New PBS Documentary "Beyond the Motor City" Reveals America's Transportation Past, Present and Future
Detroit is emblematic of American transportation history, with all its ups and downs (shown here is its abandoned but impressive Michigan Central Station). Can the city become a model for transportation innovation and urban revitalization? Photo by Яick Harris on Flickr.

Detroit is emblematic of American transportation history, with all its ups and downs (shown here is its abandoned but impressive Michigan Central Station). Can the city become a model for transportation innovation and urban revitalization? Photo by Яick Harris on Flickr.

On Tuesday night, PBS premiered the latest installment of its Blueprint America series on the challenges of renewing America’s decaying infrastructure. (We mentioned it the other day in our post about America 2050.)  The newest episode, “Beyond the Motor City,” is a broad look at our country’s transportation history through the lens of the experience of Detroit, a city once renowned for its auto manufacturing and now for its extreme deterioration.  A compelling mix of documentary filmmaking and advocacy, the episode lays out Detroit’s urban and transportation problems while examining the federal role (or lack thereof) in transportation throughout American history.

Filmmakers view Detroit as the canary in the coal mine – and a potential model for other American cities.  In its dual role as the archetypal auto-dependent U.S. city and the home of the auto industry, Detroit has suffered intensely with the decline of domestic car manufacturing.  If the city can reinvent itself, the documentary suggests, there is hope for other U.S. urban areas – and for American innovation and technology development – as we move into a post-automobile future.

The episode traces the rise and fall of the Motor City, from the boom years, when its population reached almost 2 million and it boasted a dense public transportation network and a vibrant downtown, to the present, when half of that population has fled to the suburbs, and as narrator Miles O’Brien says, the “former world capital of transportation [is] having trouble transporting its own citizens.”  The show tells the story of Detroit’s failed regional rail system, which was reduced to the 3-mile “People Mover,” and notes the difficulty of operating a transit system that must serve such a diffuse population, spread across so many vacant neighborhoods.  (As a side note, if you’ve never seen images of Detroit, you’ll be astonished by the footage of all the empty lots and abandoned buildings, such as the haunting Michigan Central Station. For an intriguing photography exhibit, unrelated to the PBS documentary, check out the 100 Abandoned Houses project, by Kevin Bauman, who has been documenting Detroit’s abandonment since the mid-’90s.)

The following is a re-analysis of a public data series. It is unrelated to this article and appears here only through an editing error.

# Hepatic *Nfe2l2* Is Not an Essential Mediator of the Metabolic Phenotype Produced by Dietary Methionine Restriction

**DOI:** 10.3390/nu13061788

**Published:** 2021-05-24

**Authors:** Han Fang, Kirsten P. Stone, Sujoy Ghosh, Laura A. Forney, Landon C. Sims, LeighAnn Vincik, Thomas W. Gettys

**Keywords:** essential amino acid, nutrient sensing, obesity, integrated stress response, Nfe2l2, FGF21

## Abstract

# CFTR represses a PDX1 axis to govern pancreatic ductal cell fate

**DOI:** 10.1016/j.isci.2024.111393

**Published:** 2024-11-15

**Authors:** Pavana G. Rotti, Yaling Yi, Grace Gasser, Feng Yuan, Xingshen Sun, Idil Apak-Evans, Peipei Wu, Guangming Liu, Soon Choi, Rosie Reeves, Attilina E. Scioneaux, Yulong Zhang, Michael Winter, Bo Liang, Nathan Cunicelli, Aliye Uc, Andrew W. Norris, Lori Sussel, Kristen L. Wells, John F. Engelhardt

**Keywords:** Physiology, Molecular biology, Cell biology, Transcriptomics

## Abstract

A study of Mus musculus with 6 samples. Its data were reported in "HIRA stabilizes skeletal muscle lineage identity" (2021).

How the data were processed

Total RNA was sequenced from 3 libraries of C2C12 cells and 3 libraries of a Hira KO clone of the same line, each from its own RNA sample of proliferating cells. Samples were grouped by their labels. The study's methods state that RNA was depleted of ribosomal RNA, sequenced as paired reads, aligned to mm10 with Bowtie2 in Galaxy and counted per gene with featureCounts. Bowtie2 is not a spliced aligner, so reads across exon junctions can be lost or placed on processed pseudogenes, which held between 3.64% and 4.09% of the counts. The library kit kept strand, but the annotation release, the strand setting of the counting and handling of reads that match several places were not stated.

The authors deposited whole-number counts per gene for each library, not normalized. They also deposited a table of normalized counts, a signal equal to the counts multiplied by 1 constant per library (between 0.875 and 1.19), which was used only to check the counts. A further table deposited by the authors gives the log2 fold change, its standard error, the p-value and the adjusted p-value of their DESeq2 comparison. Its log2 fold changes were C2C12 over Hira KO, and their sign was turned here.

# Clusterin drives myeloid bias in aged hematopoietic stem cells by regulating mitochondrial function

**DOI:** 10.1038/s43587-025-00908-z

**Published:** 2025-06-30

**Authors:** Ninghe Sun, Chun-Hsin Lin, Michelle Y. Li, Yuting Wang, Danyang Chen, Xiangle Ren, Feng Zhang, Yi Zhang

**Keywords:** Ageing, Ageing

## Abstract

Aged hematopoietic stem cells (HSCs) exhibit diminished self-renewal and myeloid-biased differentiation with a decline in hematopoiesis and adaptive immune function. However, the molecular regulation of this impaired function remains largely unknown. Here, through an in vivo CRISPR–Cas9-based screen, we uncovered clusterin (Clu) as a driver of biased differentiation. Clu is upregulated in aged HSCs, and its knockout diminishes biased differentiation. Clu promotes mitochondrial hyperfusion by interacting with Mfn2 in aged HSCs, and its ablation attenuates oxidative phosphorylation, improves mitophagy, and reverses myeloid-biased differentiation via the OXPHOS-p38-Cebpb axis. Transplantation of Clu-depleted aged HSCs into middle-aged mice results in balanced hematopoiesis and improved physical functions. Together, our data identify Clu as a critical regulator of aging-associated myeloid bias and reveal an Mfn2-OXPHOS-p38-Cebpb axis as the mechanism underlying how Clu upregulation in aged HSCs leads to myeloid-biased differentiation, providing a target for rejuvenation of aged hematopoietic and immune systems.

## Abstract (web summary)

The documentary takes an international look at regional transportation and provides an interesting contrast between Spain’s national transportation programs and the lack of federal leadership in the U.S.  Spain’s Alta Velocidad Española (AVE) rail system was created as an emblem for a comprehensive national transport system, and has been immensely successful, transforming cities and cementing the country’s role as an infrastructure leader and manufacturer.  The American government has taken a more hands-off approach.  Though there have been periods of federal involvement in transportation development, such as the Gallatin plan under Jefferson and the interstate highway system under Eisenhower, modern federal policymakers have largely followed the Reagan model of decentralization (summed up by President Reagan’s quote, “The national government should be concerned with arms control, not potholes.”)

In the absence of a federal urban or transportation vision, “Beyond the Motor City” turns the spotlight on some interesting community and corporate initiatives to renew Detroit.  Responding to service cuts, a community center has started running its own transit vehicles, providing transportation to people who need to get to the grocery store and doctors’ appointments.  The Motor City Blight Busters are group of volunteers who remove and repair blighted buildings and help install gardens and art in their place.  Hantz Farms is formulating plans to create the world’s largest urban farm in Detroit, converting 5,000 acres into agriculture.  Ford is converting its idle Wixom facility in suburban Detroit to a renewable energy center that will manufacture batteries and solar panels.  On Woodward Ave., a former main street where streetcars once ran, a coalition of foundations, civic boosters and city planners headed by long-time General Motors employee Matt Cullen is planning a stretch of light rail.  This rail line could provide connectivity and add value to existing revitalization projects like the Riverfront and new ballpark. (See our previous post on TheCityFix about why Detroit should get in on the streetcar business again.)

“Beyond the Motor City” asks some tough questions that are yet to be answered.  Can Detroit reinvent itself?  Will the city’s extreme situation lead to innovation, and will that innovation pay off?  Is a new era dawning in American federal transportation policy?  Will Obama’s high speed rail be our AVE?

Keep your eye on the Blueprint America Web site for notifications of upcoming episodes and for news, reports, and online videos related to infrastructure issues.